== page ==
Editor’s Blog: Produced in collaboration with the EU Buzz team
In 2003 at the summit in Thessaloniki, the European Council declared that “the future of the Balkans is within the European Union”. This political commitment was a clear promise taken by the European Union and Western Balkans’ heads of state and governments that European Enlargement would include the former Yugoslavian block.
Seventeen years after the European Union committed itself to an enlarged future which encompassed the Western Balkans, only one country – Croatia, has succeeded in joining the Union. Today, the accession process remains slow and glacial, with the stretched conditionality, new methodology, and the ghosts of history which bring complexity to Balkan’s politics, providing only excuses for Brussels to further delay their promises. In reality, there is little expectation that the Western Balkans will join the EU in the next decades, if at all.
This brings huge disappointment to countries such as Montenegro, Serbia, North Macedonia and Albania, who have all managed to carry out difficult reforms before gaining candidate status or starting the accession negotiations.
Pro-European critics blame the EU for continuing to play a strategic game of conditionality stretching. This suggestion, of course, plays into the hands of domestic “gatekeeper elites” who are not interested in quick EU membership. Such politicians and economic actors are content with optimising profits before any EU rules enforcing more competition, or transparent democratic procedures come into force which could limit their future operations.
Over 25% of the citizens of the Western Balkan countries believe that their countries will never join the European Union. The overall support for accession is low, with citizens accepting that as each year passes their chances diminish. European Union member states independently put forward their opposition and there is no collective voice to argue otherwise. In the latest move, in December, having changed its name to appease the Greeks in 2019, the Republic of North Macedonia faced challenges from Bulgaria in a display of hypocrisy inherent in the EU’s overall approach to the Western Balkans.
Over 30% of the citizens in Serbia are convinced that their country will never join the European Union whether for the stagnation of the accession negotiations or the difficult and unsolved relations with Kosovo. The delay with North Macedonia is equally frustrating, and has increased the Eurosceptic position between its citizens. Now, with the latest Bulgarian veto, the Western Balkans, which is expected to accede to the European Union as a block of six countries, sees itself as a “squirrel caught in a cage”, to coin a local expression.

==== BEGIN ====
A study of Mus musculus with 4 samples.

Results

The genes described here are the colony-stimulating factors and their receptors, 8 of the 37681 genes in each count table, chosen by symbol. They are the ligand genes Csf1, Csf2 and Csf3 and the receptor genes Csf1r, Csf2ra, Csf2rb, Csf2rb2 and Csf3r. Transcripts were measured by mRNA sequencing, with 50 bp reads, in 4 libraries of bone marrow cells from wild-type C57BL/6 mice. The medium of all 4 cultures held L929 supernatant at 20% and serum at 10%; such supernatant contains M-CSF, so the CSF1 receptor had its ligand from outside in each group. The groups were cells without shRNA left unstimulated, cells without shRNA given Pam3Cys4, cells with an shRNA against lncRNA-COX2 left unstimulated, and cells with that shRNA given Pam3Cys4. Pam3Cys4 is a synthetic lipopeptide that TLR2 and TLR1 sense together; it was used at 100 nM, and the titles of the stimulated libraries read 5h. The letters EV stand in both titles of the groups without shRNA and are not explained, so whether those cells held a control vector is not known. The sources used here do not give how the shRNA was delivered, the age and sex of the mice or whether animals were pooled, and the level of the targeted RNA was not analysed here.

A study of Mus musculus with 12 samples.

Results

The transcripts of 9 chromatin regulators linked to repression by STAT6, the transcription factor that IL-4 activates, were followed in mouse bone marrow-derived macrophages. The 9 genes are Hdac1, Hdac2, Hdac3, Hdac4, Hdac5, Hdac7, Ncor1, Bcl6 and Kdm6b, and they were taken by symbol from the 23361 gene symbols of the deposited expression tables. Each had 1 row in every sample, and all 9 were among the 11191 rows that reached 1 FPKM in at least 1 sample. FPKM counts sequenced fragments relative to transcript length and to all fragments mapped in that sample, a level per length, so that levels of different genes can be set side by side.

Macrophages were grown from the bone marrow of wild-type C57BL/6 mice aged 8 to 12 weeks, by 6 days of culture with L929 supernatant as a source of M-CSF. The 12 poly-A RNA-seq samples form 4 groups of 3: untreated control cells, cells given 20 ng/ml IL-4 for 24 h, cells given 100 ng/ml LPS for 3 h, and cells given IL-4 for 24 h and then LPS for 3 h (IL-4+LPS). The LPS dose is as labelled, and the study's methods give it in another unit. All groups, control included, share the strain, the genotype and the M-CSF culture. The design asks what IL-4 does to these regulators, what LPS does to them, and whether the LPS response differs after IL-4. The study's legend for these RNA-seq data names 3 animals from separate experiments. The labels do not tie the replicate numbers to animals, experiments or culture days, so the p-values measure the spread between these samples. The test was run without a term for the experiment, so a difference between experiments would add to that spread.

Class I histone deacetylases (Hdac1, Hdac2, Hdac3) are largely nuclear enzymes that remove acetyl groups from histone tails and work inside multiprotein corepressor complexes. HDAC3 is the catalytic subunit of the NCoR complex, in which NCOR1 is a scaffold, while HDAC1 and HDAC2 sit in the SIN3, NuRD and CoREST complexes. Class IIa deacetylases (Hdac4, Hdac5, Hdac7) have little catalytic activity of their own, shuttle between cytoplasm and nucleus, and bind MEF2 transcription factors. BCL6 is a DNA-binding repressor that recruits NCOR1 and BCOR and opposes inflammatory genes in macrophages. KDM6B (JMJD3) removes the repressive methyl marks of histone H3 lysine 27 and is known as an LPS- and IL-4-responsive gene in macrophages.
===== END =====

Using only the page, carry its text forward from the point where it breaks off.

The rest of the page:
However, the citizens of Montenegro remain optimistic, particularly after the recent change of the government. More than 50% of Montenegrins believe that accession will happen in the next five years. Albanian are also big supporters of the integration process, even though the EU has disappointed them many times. A similar high level of positivity is shared in Kosovo where the majority of citizens think that the country will become a member of the EU in the next five to ten years, despite all the hurdles they still have to overcome.
The European Union has not kept its promise, failing to effectively support the accession countries. The commitment to this perspective, although frequently repeated in official EU documents, remains lukewarm at best, with most member states reluctant to get engaged, reflecting the mood of public opinion in some of those countries over any future enlargement of the EU. Furthermore, the European Union institutions have allowed some of the member states to use their membership to impose a nationalist agenda, often against their non-EU neighbours. This was previously experienced in the EU accession process of Slovenia and Croatia, and Europe is allowing it to happen again.
Without doubt, and as per the views of citizens in the Western Balkans and EU, the severe internal problems being faced by the European Union, even before the pandemic crisis, may mean that time runs out not only for any accession countries but for the European Union itself, with many predicting its imminent break up.
The EU therefore has a significant challenge and must help to resolve bilateral disputes across the region especially where its neighbourhood policies are weak. Europe must now demonstrate that its enlargement policy is robust and credible, and most of all it must convince the citizens engaged in accession countries that their dreams and hopes of joining a strong and stable Union will be realised.